Story by Joseph Ray
Photos by Sean O’Brien
Before the two famous black felines found home in a giant container beside Burruss Hall, they prowled the surrounding streets of JMU like students searching for the next party. The Quad cats, Dolley and Jimmy, have patrolled the Quad for almost seven years, but few know where they came from.
The winter of 2009, Ramona Messenger received a call from a group of girls while volunteering at Cat’s Cradle, a cat adoption center in Harrisonburg. The girls had been feeding ve feral cats out of their basement apartment at 1097 S. Main St. and asked Messenger if she would feed them while they were on winter break. Messenger referred to this as “Operation Cat-mas.” “That winter, we had six apartment cat colonies to feed,” Messenger said. “We went to each of the cat colonies and fed the cats for that month that the students were gone.”
Messenger quickly noticed the cats’ ears weren’t tipped, which meant they weren’t spayed or neutered, so she trapped them and took them to Anicira Veterinary Hospital to receive their shots and to get them xed. When the girls returned from break, Messenger left the cats, but the fall of 2010, two black cats emerged on the Quad. Messenger, who worked in Alumnae Hall at the time, recognized them from their newly-tipped ears. “When those girls graduated and left in May, the cats were there without any food source,” Messenger said. “How they got to the Quad is the mystery.” Messenger approached Jane Dinsmore, who worked in Burruss Hall at the time, about helping her feed the cats. Dinsmore had helped Messenger feed the cats the previous winter. As an avid animal lover, Dinsmore took action.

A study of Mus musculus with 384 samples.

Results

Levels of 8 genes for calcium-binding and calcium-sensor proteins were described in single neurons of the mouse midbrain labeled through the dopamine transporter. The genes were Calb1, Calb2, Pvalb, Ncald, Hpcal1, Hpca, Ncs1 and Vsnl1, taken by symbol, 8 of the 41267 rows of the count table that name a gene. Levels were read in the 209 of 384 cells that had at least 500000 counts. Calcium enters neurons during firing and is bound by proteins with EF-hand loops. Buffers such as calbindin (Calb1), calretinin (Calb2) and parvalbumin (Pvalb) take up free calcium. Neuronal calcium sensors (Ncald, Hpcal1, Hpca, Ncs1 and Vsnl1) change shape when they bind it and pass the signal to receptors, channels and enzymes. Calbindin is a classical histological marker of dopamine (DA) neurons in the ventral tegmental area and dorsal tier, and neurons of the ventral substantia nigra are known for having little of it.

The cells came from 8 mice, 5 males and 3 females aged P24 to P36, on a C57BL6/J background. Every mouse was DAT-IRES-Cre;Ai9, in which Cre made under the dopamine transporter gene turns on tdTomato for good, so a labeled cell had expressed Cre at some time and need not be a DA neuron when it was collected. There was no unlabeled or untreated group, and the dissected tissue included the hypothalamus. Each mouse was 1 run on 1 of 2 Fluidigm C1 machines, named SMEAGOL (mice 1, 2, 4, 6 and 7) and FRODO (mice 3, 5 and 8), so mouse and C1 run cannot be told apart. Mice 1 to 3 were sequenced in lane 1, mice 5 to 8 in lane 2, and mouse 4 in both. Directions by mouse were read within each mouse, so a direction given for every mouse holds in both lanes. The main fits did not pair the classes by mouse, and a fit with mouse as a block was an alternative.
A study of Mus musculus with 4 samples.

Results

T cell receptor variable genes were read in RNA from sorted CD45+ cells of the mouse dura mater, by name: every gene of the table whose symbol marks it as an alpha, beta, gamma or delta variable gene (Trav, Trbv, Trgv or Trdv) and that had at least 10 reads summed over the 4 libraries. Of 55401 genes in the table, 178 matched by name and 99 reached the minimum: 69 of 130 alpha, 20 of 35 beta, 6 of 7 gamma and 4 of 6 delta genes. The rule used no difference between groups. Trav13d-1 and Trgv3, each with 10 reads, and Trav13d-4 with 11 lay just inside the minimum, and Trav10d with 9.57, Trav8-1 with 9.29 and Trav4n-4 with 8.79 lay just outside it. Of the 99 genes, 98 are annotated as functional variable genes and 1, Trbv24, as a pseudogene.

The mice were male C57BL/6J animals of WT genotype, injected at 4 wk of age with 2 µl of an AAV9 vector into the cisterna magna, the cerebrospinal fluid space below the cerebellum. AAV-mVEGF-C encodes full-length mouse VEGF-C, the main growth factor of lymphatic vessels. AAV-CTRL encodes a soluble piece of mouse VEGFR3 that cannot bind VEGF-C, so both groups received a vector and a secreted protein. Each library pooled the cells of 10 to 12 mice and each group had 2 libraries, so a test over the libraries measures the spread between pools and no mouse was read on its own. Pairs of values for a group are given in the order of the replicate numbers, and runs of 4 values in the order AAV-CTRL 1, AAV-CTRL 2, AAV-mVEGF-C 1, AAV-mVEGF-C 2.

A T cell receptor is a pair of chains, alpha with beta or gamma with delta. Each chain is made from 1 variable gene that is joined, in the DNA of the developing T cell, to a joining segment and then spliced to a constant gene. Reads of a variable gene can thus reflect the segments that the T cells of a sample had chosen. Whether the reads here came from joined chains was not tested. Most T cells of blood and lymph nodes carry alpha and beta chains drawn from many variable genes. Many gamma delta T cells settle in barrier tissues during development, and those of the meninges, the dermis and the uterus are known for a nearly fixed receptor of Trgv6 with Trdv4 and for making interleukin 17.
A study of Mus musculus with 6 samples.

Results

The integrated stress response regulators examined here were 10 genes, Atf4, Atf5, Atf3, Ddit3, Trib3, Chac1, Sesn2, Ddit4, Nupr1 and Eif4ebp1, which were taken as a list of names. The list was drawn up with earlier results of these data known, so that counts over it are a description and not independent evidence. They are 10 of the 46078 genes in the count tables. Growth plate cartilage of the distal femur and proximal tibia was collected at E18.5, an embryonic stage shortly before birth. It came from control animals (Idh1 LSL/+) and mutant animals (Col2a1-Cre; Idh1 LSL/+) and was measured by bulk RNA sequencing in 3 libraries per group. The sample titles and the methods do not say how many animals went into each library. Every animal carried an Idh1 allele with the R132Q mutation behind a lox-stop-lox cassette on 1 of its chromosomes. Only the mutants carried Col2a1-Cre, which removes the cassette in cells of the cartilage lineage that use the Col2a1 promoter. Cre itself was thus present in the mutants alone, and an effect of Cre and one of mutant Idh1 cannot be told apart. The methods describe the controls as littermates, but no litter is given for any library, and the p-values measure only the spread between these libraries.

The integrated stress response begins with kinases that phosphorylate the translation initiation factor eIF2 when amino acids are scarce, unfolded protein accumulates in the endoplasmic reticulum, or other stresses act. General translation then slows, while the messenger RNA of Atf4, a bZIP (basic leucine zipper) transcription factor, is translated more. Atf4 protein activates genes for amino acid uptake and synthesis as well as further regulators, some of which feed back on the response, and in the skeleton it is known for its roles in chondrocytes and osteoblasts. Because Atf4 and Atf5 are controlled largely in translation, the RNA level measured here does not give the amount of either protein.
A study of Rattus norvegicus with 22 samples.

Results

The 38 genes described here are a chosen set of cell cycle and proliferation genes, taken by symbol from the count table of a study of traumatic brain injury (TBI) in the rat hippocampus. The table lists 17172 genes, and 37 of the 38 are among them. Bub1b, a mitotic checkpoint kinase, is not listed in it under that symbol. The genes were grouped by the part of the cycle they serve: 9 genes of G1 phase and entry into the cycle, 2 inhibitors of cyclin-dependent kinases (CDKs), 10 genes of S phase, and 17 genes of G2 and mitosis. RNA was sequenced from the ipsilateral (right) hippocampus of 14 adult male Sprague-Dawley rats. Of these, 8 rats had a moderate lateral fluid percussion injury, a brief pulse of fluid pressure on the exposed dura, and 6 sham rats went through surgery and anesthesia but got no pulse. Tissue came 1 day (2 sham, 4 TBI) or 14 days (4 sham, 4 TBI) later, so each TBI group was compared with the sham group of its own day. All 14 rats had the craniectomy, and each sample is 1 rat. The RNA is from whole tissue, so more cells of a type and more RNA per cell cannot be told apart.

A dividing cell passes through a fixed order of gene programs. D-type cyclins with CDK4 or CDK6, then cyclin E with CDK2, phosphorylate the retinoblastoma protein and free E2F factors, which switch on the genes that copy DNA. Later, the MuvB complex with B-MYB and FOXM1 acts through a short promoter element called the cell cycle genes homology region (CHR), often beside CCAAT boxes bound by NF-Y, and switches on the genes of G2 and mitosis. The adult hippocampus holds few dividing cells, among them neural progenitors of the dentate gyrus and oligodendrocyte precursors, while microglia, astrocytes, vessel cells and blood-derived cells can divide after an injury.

Messenger said. “It was just ironic … that she and I were the ones that fed them, and she and I just happened to work up there.” Coincidence or not, when Dinsmore began recruiting people to help care for the cats, the Quad cats phenomenon exploded with news articles, Facebook pages, and an overwhelming amount of support. “I had a couple shelves in my office full of cat food,” Dinsmore said.
Laura Wisman, who’s currently in charge of donations for the cats, contacted Dinsmore in 2011 after hearing of the cats. “I just couldn’t let them go hungry,” Dinsmore said. “I had to start feeding them, and then I got interested and attached to them.” Messenger found it odd that the cats seemed to nd her and Dinsmore after almost a year. “I was in Alumnae, she was in Burruss and that’s where the cats ended up,” Messenger said. “It was just ironic … that she and I were the ones that fed them, and she and I just happened to work up there.”
Coincidence or not, when Dinsmore began recruiting people to help care for the cats, the Quad cats phenomenon exploded with news articles, Facebook pages, and an overwhelming amount of support. “I had a couple shelves in my of ce full of cat food,” Dinsmore said. Laura Wisman, who’s currently in charge of donations for the cats, contacted Dinsmore in 2011 after hearing of the cats. Together, they ordered the building of a shelter and feeding station beside Burruss Hall, making the cats official residents of JMU. “I think they consider this to be their home,” Wisman said. “I think this is where they’ll stay.”
Since then, Wisman said that students see the cats as good luck charms, and Dinsmore said the cats have become “mini-celebrities” and “informal mascots.” Messenger has since moved to the University Events building off the Quad, and Dinsmore has since retired, but she still feeds the cats on Sundays, along with four other feeders throughout the week.
“I’m happy to feed them once a week because I get to see them,” Dinsmore said. “They still know me, they still remember me and they come running.” Wisman encourages more students and faculty to get involved. To donate, bring money or food to Harrison Hall, Room 1109. The cats aren’t too picky, but they like dry food and Fancy Feast.